Do any action you must do,
since action is better than inaction;
even the existence of your body
depends on necessary actions.
The whole world becomes a slave
to its own activity, Arjuna;
if you want to be truly free,
perform all actions as worship.
Bhagavad Gita 3.8-3.9
Luke, Matt, and I sat at the breakfast table eating. I told them all about the Kali puja and the overwhelming display of food at the Swaminarayan New Year’s celebration.
“Well, Mom,” Matt offered, “I’m sure when you get through with your spiritual quest you’ll know what religion to choose.”
From the other side of the table, Luke attacked: “She’s not on a spiritual quest. She’s on a fake spiritual quest. Maybe once she’s done, then she’ll start to figure it out.” Luke turned to me for verification, “Right, Mom?”
I said nothing at all back.
And the vacuum was filled with fraternal verbal swordplay over whether what I’m doing is real or fake and what real or fake means anyway and whether the other could possibly understand anything at all in the first place and getting words in “edgewise” and who was interrupting whom.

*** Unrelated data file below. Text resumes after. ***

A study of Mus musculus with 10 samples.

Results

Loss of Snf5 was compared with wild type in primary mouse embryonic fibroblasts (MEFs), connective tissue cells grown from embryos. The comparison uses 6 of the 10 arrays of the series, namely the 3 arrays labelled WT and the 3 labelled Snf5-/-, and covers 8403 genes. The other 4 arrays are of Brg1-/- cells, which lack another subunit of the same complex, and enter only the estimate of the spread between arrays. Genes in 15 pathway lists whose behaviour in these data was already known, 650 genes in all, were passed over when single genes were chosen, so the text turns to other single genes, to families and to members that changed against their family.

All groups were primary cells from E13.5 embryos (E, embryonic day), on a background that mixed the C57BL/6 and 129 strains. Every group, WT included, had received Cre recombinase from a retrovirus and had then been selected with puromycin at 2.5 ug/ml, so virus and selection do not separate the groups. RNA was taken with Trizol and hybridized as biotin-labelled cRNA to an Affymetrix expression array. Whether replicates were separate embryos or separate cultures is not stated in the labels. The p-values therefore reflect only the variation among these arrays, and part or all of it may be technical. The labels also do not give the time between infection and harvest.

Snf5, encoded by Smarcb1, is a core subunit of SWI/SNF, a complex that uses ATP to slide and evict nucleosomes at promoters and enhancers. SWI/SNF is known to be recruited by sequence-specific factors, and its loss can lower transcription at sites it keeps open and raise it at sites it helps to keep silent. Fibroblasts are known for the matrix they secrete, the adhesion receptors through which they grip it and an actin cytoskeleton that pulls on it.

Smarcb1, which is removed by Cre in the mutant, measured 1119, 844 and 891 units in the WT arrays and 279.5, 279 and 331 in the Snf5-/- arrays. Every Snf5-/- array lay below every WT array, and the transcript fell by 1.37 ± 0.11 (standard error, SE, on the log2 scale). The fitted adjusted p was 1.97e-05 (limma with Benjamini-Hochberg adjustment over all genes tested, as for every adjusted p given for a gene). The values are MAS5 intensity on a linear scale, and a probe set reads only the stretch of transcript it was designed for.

I was taken aback by Luke’s words. It was almost like he was asking me to reassure him I wasn’t actually on a personal spiritual search but just engaged in a safe exercise in journalism - the look on his face, his full blue-eyed question, the morning light on the tiled floor, on the corner of the yellow table cloth, the complete momentary pause in the conversation.
Why can’t I answer? Is what I’m doing fake? And what could fake possibly mean when I’ve dropped everything in my life to do this and only this?
I have to admit I’m on some kind of personal search. If “fake” means I don’t know whether I’ll get anywhere, if “fake” means I might not get to any definitive place, any definitive faith by the end of this, if “fake” means I might find out I don’t have the ability to be what people call “spiritual” within me, then I guess I must accept that label as possible. What I’m doing is nothing more than what every single human being, aware of their own mortality, must go through in one form or another.
But I want something more from this than digging up my own personal belief system. I want to understand what’s happening in a world beset by violence that claims religious doctrine as its source and that obsession of mine is very real. And, whether global or just personal, I do have faith that my effort will be worth something in the end even if I can’t know right now in what way precisely. That faith isn’t fake. That faith I have. That faith is real.